By now. you know that carrots (external rewards, power, status) and sticks (pressure, threats, fear) are not effective motivational tactics. But you might be surprised by how deeply ineffective these commonly used “traditional" methods of motivation are.
1. Verbal Cheerleading. "You can do it! Keep up the effort! Give me just one more!" Recent research finds that coaches who verbally encourage people in training sessions are significantly less effective than quiet coaches. The verbal encouragement generates external pressure, diminishing people's sense of autonomy (one of three basic psychological needs) and internal fortitude. Surprisingly, the research also found that verbal coaches were seen as self-serving, eroding relatedness (another of three psychological needs required for thriving).
Try setting a goal, providing pure feedback as necessary, and then, shut up. Whether coaching athletes or individuals in the workplace, your cheerleading may be undermining your good intentions—and their performance.
2. Competitions. Setting up a competitive situation to “motivate” people begs the question -- why are people competing? The reason a person is competing will determine the quality of their effort. Consider the difference between these two types of competitors:
“I’m a competitive person. Put me into any type of competition and I’m driven to succeed.” (I will do anything to win, say anything, and feel happy if I win and sad if I lose -- in fact, if I determine that I cannot win at some point I’ll stop trying because winning is everything.)
“I’m a competitive person. Put me into any type of competition and I thrive.” (Competition is an opportunity to gauge my performance, verify how much I’ve learned, understand how well I’m serving my clients, determine where I need to improve)
Evidence clearly shows that people’s creativity, innovation, and long-term productivity suffer when they are competing to beat someone else, gain power and status, win an award, or receive an incentive compared to competing as a means to learn, gain experience, and obtain insight into development needs. Most competitions generate external pressure that ultimately defeats people and undermines long-term skill building and sustained high performance.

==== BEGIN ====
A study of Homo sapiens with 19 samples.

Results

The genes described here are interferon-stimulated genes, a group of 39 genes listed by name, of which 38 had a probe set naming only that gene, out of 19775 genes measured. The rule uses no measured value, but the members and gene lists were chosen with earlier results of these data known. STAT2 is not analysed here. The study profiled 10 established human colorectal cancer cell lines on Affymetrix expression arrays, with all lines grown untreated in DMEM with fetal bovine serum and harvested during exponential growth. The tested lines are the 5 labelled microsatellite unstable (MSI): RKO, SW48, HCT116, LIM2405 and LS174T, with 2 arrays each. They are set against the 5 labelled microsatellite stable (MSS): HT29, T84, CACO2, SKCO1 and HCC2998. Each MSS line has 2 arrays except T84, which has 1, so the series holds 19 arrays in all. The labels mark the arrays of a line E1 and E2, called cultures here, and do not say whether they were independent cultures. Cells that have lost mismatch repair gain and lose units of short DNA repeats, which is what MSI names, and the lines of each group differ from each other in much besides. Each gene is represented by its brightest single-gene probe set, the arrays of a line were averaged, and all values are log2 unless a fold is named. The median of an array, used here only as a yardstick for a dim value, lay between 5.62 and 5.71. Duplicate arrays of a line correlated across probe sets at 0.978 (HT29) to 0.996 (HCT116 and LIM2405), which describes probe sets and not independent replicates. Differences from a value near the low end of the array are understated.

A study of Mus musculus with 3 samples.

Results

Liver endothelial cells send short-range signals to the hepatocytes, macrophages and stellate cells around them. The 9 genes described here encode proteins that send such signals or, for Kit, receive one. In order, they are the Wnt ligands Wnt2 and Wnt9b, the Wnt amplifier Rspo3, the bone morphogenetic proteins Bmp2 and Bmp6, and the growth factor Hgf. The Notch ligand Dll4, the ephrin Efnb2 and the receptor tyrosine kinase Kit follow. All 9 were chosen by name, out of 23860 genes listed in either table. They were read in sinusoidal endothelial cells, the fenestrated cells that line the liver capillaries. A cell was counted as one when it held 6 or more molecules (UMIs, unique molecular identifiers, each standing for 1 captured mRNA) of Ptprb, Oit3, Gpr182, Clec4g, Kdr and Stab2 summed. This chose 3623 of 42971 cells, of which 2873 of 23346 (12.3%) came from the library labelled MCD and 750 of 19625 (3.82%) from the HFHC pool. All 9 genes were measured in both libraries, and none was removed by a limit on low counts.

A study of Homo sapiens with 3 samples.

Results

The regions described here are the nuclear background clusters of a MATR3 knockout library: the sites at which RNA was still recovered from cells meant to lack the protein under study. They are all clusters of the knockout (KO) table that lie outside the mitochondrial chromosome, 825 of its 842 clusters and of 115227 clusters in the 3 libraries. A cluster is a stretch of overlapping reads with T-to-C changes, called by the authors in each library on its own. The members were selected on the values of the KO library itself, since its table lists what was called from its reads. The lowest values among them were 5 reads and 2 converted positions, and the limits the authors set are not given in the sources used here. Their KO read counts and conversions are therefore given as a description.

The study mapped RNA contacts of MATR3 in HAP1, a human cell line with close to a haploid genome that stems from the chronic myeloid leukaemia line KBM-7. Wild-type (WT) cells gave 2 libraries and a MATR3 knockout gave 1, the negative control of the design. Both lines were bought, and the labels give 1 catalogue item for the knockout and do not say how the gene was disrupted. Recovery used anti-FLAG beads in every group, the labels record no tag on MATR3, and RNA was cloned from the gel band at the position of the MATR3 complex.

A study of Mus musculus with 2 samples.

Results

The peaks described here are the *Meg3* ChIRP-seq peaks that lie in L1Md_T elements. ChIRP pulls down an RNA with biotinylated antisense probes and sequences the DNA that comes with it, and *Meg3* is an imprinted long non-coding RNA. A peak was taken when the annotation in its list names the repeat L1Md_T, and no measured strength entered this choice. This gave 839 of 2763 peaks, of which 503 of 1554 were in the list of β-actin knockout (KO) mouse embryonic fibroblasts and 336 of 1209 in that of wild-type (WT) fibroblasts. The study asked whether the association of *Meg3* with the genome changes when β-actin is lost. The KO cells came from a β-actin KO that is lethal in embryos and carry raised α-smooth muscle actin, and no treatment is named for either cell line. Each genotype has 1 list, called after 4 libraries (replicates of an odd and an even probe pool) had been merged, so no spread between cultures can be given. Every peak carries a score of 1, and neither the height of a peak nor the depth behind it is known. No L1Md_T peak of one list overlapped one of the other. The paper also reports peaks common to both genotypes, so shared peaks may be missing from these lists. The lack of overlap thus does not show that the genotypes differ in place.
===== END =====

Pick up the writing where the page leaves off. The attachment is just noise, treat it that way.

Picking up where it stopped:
3. Imposing values. The most well-intentioned and values-based leaders often do this: Through their own sense of purpose and passion, they unwittingly impose their values on others. For example,
“If you put effort into this goal, you will gain the rewards that come from being of service to others.”
It doesn't matter how noble your values may be, if you impose them on people you run the risk of eroding people’s sense of autonomy. Instead, have a values conversation to help people align goals to their own values, explore their own reasons for acting, and discover their own sense of meaning.
Imposing your values on others is especially detrimental when your motivation is self-serving. Take the example of the hard-driving sales manager hoping to inspire his new sales rep.
The manager takes the young man to the top of a hill overlooking a posh part of the city. “Look at that place,” says the manager, pointing to a magnificent property, “I bet the house is 6,000 square feet, plus the horse stable and tennis court.” He points to another home, “Can you imagine the party you could throw around that pool?”
Then, the manager puts his arm around the wide-eyed young rep’s shoulders and tells him, “Son, if you keep working as hard as you’re working, some day all this could be mine.”
When people sense -- or even wrongly interpret -- that your motivation is self-serving, they feel used and manipulated. How can you expect people to be motivated by high-quality values such as service, growth, learning, integrity, problem solving or corporate citizenship, when they perceive you are imposing your self-serving values such as power, status, or rewards?
Raise your hand if you still use any of these forms of motivation. Better yet, replace old-fashioned ideas with new practices based on the true nature of human motivation.
Susan Fowler implores leaders to stop trying to motivate people. In her latest book, she explains "Why Motivating People Doesn't Work ... And What Does:The New Science of Leading, Engaging, and Energizing. She is the author of bylined articles, peer-reviewed research, and six books, including the bestselling "Self Leadership and the One Minute Manager" with Ken Blanchard. Tens of thousands of people worldwide have learned from her ideas through training programs such as the Situational Self Leadership and Optimal Motivation product lines. For more resources, including a free Motivational Outlook Assessment with immediate results, visit SusanFowler.com. Follow her on Twitter.